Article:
Athens Services could become Santa Ana’s next citywide waste hauler and collect residents’ and local business’ trash for up to 18 years, making at least $676 million in the process over the initial decade.
That’s what Santa Ana city staff are recommending to City Council members, who are slated to vote on selecting the company at their meeting today — out of four companies in the running — and award Athens an exclusive solid waste agreement.
For more information on how to access the meeting, click here.
The city’s current contracted trash hauler is Waste Management, which — along with fellow trash collection companies CR&R and Republic Services — also threw its hat into the ring for the next contract, widely considered to be Santa Ana’s largest from a resources and fiscal standpoint.
Services under the new contract would begin July of 2022.
Of all four companies, Athens proposed charging residents the least amount of money for trash collection during the initial run of its agreement with the city, at $17.55 per month for curbside services for the first year of service.
It’s also a company whose employees aren’t unionized.
Support for union labor has been a popular stance on the Santa Ana council dais.
The pro-union sentiment has manifested policies like one approved in 2017 requiring all city construction and public works projects use unionized laborers for work.
“Any changes” to the city’s exclusive agreement with Athens “would be made at the direction of the council,” said city spokesperson Paul Eakins when asked about union labor.
“Yes, Athens is open to negotiating with the local union. If Athens is awarded, current Santa Ana employees will have the option to remain represented if they choose,” said Athens spokesperson Cristian Herrera in a Monday written statement.
If selected, Athens will also extend employment “to the incumbents’ (Waste Management’s) affected personnel,” he said, adding those employees will receive “equal or better compensation with fully paid benefits for them and their families.”
“Additionally, we will provide a $10,000 bonus guarantee to every (employee) who transitions to Athens. We are 100% committed to maintaining labor piece and our pro-employee culture,” Herrera said.
The current curbside trash services rate for residents is $22.57 per month.
“Athens Services proposed the lowest price throughout the term of the contract for the 42,000 residential customers with curbside service, with immediate savings of $4.81 per month,” reads a city staff report attached to the agenda for Tuesday’s meeting.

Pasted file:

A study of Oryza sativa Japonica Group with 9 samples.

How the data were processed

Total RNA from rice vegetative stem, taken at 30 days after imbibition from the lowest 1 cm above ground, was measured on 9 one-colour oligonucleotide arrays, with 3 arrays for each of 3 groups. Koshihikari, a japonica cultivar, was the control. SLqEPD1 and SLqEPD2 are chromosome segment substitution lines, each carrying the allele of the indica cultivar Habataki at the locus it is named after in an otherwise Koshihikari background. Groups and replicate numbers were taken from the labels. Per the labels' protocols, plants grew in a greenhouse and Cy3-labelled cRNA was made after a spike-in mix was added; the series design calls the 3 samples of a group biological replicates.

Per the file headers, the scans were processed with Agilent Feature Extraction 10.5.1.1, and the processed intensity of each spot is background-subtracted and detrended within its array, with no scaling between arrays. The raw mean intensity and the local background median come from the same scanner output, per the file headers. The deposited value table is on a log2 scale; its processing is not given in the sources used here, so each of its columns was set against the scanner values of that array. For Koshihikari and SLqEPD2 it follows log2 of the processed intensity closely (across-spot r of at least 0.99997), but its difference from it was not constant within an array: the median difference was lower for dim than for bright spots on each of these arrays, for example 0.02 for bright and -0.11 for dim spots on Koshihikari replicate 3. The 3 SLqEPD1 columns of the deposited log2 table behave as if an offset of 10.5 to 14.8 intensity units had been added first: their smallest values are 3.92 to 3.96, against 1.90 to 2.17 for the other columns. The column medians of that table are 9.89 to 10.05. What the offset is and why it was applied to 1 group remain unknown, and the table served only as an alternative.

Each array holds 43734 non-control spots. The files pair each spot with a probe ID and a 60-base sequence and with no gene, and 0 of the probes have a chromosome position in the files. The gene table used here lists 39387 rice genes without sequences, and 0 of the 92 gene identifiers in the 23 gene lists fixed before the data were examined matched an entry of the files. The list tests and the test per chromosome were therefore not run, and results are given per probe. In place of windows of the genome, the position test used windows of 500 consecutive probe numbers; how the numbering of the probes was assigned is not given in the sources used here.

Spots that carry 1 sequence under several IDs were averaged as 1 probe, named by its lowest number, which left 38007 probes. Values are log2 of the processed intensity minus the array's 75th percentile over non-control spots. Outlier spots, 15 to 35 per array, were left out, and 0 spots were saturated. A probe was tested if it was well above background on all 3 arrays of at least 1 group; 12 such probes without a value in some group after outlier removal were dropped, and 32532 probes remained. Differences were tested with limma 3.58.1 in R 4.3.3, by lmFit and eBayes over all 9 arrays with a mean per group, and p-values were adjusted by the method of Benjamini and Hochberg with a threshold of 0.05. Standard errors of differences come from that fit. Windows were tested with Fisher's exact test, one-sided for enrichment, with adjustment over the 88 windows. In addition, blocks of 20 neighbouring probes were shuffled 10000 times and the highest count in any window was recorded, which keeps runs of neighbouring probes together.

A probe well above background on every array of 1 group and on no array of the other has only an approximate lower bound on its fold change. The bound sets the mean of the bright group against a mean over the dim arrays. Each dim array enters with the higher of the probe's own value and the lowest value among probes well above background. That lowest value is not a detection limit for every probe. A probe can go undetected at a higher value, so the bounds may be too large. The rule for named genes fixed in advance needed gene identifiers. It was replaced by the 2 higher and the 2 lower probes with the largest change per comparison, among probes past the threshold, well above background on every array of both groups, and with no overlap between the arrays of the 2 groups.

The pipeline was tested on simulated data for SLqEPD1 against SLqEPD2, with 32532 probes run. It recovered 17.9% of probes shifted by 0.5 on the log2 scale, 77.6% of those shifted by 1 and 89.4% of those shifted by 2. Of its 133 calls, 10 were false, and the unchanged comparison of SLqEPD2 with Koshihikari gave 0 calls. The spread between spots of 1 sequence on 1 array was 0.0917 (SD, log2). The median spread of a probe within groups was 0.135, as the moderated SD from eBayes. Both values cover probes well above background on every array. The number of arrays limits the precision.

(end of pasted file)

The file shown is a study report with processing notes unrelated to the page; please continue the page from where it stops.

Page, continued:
No matter who city officials select, however, trash rates will go up annually anyway over the following five years, increasing 2.5% each year per the stipulated contract and special rate adjustments for “Clean City Initiatives.”
The initiative is meant to ensure tidier streets and comprehensive cleaning of the city’s right-of-ways, specifically targeting busy thoroughfares, as well as industrial and business districts.
Athens also proposed the lowest charges for additional trash cans, senior and mobile home services, and commercial cart service, among other services, and would “had the highest customer satisfaction rating among all four haulers,” according to the staff report.
“Overall, city residents and businesses will pay the least to Athens for services similar to those proposed by the other firms,” the report reads.
Though there are some shortcomings if the council follow’s staff’s recommendation, according to staff’s own report:
Athens offers ten free bulky item pickups per quarter, per dwelling unit for apartments and condominiums — a total of 40 items per year per dwelling unit.
Other companies in the running have proposed unlimited bulky item pick up, staff say.
Athens also proposed “the second highest pricing for multi-family residential service of
$597.21 and the second-lowest pricing for commercial service of $449.88 (both include
refuse, recycling and organics).”
The agreement, if approved, would commit Athens to servicing the city for ten years starting July 1, 2022 through July 30, 2032, with a mutual option to extend the contract for five years, and an ability by the city — if officials desire — to extend it for three more years.
Total annual fees paid to the city, under the contract, would amount to $13.6 million.
Since you've made it this far,
You are obviously connected to your community and value good journalism. As an independent and local nonprofit, our news is accessible to all, regardless of what they can afford. Our newsroom centers on Orange County’s civic and cultural life, not ad-driven clickbait. Our reporters hold powerful interests accountable to protect your quality of life. But it’s not free to produce. It depends on donors like you.
Join the conversation: In lieu of comments, we encourage readers to engage with us across a variety of mediums. Join our Facebook discussion. Message us via our website or staff page. Send us a secure tip. Share your thoughts in a community opinion piece.